Leave No Trace, Debra Granik’s first fiction feature since 2010’s masterful Winter’s Bone, is a movie that’s willing to whisper. If you don’t listen (and watch) closely, you might miss out on the deep wells of emotion beneath its placid surface. Like its two main characters—a father and teen daughter living off the grid in a lush forest park outside of Portland, Ore.—the film moves as if it hopes to go unnoticed.
Will (Ben Foster), a veteran of an unspecified military conflict who is still haunted by helicopter-themed nightmares, has retreated into the woods for quiet and solace, perfectly content to live life as a permanent camping trip. At the start of the film, his 13-year-old daughter Tom (Thomasin McKenzie) is happy to be there with him. One of the first sounds we hear in the film is her pleasant humming as the two go about their daily chores: gathering kindling, planting herbs, collecting water. “It might take a while,” Will chuckles as they wait for some sort of solar frying pan he’s concocted to heat up the mushrooms they’ve gathered. They’ve got time.
On occasion, father and daughter also rehearse an escape plan in case someone was to discover their camp. Not long after, park police conduct a search of the area, and that plan fails them. Funnelled into the state welfare system, the pair is separated in order to be psychologically poked and prodded. Eventually, they’re reunited—but only if they agree to make a go of it on the grid.
That reunion is indicative of Granik’s formal approach. Will and Tom have been kept apart for a few days at this point, not knowing where the other is, so the moment they see each other is ripe for emotional exploitation. Yet Granik places her camera at a distance, on the far side of the lobby in which the scene takes place. In fact, the lobby has an open balcony in the middle looking down to the floor below, creating an even wider sense of space between us and the reuniting father and daughter. The choice not only underplays the moment (allowing the audience to more genuinely experience its significance), but it also respects the distance and privacy this unconventional family desires.
The movie moves as if it hopes to go unnoticed.
Winter’s Bone was similarly reserved, even as it, too, snuck up on you. In her breakout role, Jennifer Lawrence played another girl coming of age in a harsh world that time seems to have forgotten (in that case backwoods Missouri). McKenzie, as Tom, doesn’t make quite the same, forceful impression, but she’s playing a younger, more reticent character. It’s still a remarkably naturalistic performance, a portrayal of an observer who has learned to be a survivor by carefully observing her father—and who is now beginning to notice that not all his decisions might be the best ones.
As for Foster, he’s been gradually moving away from the unhinged, scene-stealing performances that marked his early career, and this might be his most anti-“Ben Foster” (and best) turn yet. To say he recalls Sylvester Stallone’s John Rambo, from First Blood, is no insult; it’s important that some threat of violence, lingering from Will’s military past, hovers over his interactions with “polite” society. Foster is also perfectly in sync with Graink’s formal approach, especially in the way he plays silences. When the authorities force Will to take a computer test that gives him three seconds to answer a series of unending questions, he’s quickly overwhelmed. The stillness Foster manages holds both a palpable sense of despair and the potential for a disastrous outburst.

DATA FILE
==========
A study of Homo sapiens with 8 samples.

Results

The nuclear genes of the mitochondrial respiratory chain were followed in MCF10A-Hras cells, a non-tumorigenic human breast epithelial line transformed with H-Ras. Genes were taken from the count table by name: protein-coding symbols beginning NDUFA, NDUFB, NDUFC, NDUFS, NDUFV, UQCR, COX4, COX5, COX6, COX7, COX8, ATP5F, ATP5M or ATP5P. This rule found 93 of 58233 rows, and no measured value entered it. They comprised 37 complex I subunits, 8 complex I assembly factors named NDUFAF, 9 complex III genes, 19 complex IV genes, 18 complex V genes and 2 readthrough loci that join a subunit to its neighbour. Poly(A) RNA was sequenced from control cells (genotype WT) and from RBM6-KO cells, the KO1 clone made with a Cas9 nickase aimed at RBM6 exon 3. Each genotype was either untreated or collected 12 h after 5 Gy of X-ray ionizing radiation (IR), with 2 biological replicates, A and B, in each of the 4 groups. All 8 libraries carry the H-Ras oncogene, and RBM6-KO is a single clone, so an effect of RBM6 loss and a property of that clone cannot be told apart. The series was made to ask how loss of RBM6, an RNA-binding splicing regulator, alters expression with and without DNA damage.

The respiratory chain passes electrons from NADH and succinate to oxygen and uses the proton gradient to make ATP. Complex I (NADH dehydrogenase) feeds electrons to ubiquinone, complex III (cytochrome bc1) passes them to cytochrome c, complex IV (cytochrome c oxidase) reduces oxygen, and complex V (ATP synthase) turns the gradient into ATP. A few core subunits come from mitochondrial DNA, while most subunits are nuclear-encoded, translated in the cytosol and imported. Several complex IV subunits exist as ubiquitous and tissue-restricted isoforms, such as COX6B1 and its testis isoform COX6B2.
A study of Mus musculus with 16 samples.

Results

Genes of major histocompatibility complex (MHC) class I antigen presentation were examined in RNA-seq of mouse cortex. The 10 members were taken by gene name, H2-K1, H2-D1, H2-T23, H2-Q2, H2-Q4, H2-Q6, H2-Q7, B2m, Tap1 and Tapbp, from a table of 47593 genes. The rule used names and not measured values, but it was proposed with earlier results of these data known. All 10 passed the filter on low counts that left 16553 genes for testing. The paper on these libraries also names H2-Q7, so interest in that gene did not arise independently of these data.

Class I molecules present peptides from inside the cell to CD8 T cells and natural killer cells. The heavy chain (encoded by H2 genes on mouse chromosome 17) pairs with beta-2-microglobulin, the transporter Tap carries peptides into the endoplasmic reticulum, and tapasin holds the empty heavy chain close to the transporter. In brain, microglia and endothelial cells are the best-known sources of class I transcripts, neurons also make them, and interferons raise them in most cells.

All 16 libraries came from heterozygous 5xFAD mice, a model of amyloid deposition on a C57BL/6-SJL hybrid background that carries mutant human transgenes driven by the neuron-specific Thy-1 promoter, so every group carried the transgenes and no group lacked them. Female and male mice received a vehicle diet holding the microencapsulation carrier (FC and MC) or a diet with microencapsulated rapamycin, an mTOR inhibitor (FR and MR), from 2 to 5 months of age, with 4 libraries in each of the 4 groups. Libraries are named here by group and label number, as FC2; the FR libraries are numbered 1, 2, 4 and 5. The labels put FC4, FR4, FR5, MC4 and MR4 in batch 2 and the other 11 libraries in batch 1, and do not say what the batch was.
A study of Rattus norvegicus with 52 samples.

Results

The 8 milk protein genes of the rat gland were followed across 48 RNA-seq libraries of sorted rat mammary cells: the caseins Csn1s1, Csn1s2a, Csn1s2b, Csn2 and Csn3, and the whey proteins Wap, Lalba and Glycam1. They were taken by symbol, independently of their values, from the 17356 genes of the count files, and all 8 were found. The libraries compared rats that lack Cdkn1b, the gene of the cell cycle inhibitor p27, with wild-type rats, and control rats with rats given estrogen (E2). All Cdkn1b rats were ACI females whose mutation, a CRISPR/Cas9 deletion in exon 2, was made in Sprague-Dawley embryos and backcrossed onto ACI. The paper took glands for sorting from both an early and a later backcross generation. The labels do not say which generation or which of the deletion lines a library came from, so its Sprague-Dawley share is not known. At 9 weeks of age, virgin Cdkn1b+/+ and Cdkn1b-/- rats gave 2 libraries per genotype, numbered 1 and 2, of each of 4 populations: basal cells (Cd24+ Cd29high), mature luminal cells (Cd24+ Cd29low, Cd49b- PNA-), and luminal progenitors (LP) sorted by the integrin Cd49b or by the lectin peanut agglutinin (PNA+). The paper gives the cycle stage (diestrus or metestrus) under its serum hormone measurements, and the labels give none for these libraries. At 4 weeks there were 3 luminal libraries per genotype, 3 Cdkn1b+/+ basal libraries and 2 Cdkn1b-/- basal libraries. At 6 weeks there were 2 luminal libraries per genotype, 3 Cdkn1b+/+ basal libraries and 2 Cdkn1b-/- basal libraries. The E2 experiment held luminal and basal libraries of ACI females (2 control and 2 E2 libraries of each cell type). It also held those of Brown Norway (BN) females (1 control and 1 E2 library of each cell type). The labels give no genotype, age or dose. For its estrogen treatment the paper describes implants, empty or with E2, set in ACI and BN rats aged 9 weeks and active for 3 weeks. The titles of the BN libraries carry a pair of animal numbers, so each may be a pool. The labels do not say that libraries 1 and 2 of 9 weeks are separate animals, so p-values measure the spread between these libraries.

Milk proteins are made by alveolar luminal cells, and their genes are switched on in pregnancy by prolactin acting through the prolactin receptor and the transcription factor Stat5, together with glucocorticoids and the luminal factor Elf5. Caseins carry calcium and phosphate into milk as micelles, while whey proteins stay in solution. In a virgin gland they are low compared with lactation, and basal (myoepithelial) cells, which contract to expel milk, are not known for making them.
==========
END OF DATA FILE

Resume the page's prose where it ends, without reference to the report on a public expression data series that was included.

Can Will and, by proxy, Tom, find a place in this exhausting world, where timed electronic beeps are the soundtrack rather than the soft call of birds? Might there be a place for them between those two extremes? Despite its Edenic opening scenes, Leave No Trace is not a pollyannaish ode to life in the great outdoors. Yes, there is a terrifying section in the middle, as Will and Tom are hitchhiking, that replaces those forest sounds with the audible onslaught of honking cars, screeching tires, and growling trucks. But there is also an equally frightening sequence where they seek shelter in a new forest and get lost as the freezing night sets in—Mother Nature as toothsome adversary, not welcoming bosom.
I won’t answer those questions, but I will point to a lovely motif in the film involving a beehive. (I’m not sure if this is taken from the source novel by Peter Rock or added by Granik and co-screenwriter Anne Rosellini.) Slowly approaching the buzzing boxes, Tom tells her father, “You put your hand over it, you can feel the warmth of the hive.” Scared as much at the prospect of being stung as he is by the concept of colony as community, he resists. Leave No Trace leaves you aching in hope that he’ll learn to reach out, in some way, for the sake of his daughter. That he’ll find a way of life that will both soothe his soul and prompt her to hum again.